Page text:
Connecticut Closer to Approving Civil Unions
By Jonathan Finer
Sunday, April 3, 2005; Page A14
Now this is the way to do things -- through the normal political process. That way the issues involved will get a full public airing and the decisions will be made by the elected representatives of the people rather than by unelected administrators or judges. The result will be something less than the activists wanted, but it will be something that the American public will be able to live with. That, for now, is a reasonable and sane compromise.
HARTFORD, Conn. -- Connecticut could become the second state in the nation to legalize civil unions for same-sex couples -- and the first to do so without being prompted by a court order.
Legislation that would create civil unions, and give them legal status equal to marriage, has passed three House-Senate committees here and could come before the full Senate as soon as Wednesday.
However, activists won't be satisfied with a democratic solution. The article notes that Gay and Lesbian groups consider this just a stepping stone toward full legitimation of same sex marriage and will step up their efforts to achieve this through judicial fiat. And, if they succeed, they will be further undermining the legitimacy and integrity of both our political and judicial institutions.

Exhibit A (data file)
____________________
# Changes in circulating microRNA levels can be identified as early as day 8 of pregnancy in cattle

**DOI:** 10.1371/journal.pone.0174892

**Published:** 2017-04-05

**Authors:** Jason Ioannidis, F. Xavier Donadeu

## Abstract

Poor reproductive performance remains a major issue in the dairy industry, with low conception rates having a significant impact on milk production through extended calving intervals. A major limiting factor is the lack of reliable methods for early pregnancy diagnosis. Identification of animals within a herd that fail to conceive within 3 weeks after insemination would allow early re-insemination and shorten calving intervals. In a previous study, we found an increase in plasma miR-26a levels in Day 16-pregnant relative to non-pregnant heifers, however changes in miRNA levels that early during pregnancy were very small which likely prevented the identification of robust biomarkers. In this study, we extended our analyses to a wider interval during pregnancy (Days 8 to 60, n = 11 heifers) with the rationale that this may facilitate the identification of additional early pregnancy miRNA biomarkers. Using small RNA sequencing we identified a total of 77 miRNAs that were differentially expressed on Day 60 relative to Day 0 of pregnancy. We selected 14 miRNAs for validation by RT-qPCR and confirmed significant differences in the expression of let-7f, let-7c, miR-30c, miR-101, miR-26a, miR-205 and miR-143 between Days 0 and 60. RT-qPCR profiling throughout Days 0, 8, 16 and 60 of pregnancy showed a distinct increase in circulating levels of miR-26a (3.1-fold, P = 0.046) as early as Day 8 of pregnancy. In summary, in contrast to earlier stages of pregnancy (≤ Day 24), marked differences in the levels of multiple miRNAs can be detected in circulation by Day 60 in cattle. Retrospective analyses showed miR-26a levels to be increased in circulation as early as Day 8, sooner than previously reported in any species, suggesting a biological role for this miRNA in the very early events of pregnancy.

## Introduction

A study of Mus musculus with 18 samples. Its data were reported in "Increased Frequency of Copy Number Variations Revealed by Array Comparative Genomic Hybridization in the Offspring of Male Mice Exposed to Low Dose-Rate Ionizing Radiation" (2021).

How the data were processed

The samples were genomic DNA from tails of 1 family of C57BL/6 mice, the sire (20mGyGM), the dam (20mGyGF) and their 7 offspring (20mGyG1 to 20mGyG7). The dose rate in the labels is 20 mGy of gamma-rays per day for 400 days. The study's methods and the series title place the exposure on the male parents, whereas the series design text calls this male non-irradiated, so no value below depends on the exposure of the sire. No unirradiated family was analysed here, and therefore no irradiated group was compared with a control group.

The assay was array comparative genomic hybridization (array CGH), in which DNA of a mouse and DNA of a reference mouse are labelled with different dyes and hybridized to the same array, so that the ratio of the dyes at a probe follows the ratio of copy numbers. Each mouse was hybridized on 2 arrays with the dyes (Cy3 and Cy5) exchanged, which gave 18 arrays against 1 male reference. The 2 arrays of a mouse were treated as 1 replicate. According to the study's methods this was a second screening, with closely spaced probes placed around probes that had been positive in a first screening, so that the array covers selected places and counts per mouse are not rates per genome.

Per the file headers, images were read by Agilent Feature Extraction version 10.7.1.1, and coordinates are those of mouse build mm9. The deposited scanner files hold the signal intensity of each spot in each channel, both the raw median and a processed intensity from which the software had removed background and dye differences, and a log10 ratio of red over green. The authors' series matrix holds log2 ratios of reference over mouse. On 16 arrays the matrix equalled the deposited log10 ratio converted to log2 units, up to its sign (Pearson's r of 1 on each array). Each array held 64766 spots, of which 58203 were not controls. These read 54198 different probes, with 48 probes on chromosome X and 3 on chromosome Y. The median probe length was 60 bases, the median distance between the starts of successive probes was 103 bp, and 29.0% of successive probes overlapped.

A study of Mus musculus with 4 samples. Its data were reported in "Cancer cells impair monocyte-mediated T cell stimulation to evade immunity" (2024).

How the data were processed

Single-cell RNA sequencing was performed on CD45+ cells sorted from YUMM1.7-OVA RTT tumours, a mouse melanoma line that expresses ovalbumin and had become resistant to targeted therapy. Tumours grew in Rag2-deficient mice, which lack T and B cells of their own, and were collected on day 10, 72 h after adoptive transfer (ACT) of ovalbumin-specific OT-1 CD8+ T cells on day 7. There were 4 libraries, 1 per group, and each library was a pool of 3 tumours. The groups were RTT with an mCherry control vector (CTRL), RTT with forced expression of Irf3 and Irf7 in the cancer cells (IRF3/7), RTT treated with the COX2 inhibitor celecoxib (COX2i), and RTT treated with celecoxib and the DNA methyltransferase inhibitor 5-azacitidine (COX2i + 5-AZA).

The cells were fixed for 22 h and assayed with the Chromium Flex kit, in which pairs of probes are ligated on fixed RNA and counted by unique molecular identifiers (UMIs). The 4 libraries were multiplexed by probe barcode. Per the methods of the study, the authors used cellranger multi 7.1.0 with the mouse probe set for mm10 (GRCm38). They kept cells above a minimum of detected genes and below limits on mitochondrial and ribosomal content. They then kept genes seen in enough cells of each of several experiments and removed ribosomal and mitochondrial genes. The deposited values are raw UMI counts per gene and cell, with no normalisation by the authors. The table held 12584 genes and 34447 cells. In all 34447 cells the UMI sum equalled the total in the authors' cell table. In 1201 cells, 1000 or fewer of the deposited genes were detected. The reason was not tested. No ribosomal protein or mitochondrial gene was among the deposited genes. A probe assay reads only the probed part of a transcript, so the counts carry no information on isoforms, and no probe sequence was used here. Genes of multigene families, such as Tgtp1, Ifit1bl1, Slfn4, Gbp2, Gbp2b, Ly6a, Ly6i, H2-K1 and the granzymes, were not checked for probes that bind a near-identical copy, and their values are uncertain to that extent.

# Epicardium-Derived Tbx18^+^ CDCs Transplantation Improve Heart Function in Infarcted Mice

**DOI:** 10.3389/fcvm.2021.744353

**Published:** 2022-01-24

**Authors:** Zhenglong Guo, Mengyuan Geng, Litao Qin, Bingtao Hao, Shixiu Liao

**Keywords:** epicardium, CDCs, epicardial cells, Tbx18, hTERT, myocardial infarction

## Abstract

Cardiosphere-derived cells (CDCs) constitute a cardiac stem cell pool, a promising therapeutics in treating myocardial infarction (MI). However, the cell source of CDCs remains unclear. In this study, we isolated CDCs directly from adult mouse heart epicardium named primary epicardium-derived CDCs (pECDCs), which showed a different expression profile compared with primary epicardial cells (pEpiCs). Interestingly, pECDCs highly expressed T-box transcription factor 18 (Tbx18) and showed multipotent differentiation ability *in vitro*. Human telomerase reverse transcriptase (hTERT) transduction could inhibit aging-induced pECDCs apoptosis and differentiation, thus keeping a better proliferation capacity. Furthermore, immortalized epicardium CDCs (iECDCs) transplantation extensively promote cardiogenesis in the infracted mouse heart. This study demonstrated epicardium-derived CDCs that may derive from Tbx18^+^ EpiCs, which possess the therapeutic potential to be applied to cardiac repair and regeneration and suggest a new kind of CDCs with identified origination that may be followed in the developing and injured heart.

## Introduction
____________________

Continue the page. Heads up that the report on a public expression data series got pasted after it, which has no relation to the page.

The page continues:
In a surprising outbreak of sanity:
The Oregon Supreme Court on Thursday nullified nearly 3,000 marriage licenses issued to gay couples a year ago by Portland's Multnomah County, saying a county cannot go against state matrimonial law.
''Oregon law currently places the regulation of marriage exclusively within the province of the state's legislative power,'' the high court said in its unanimous ruling.
The court said state law bans gay marriage. It also noted Oregon voters approved a constitutional amendment last November that even more explicitly prohibits the practice.
[NYT article; read it here].
Imagine that, a state supreme [perhaps the most liberal in the nation] deferring to the legislature and to the will of the people. Perhaps we are beginning to see a real turning away from the arrogant judicial activism of the past few decades.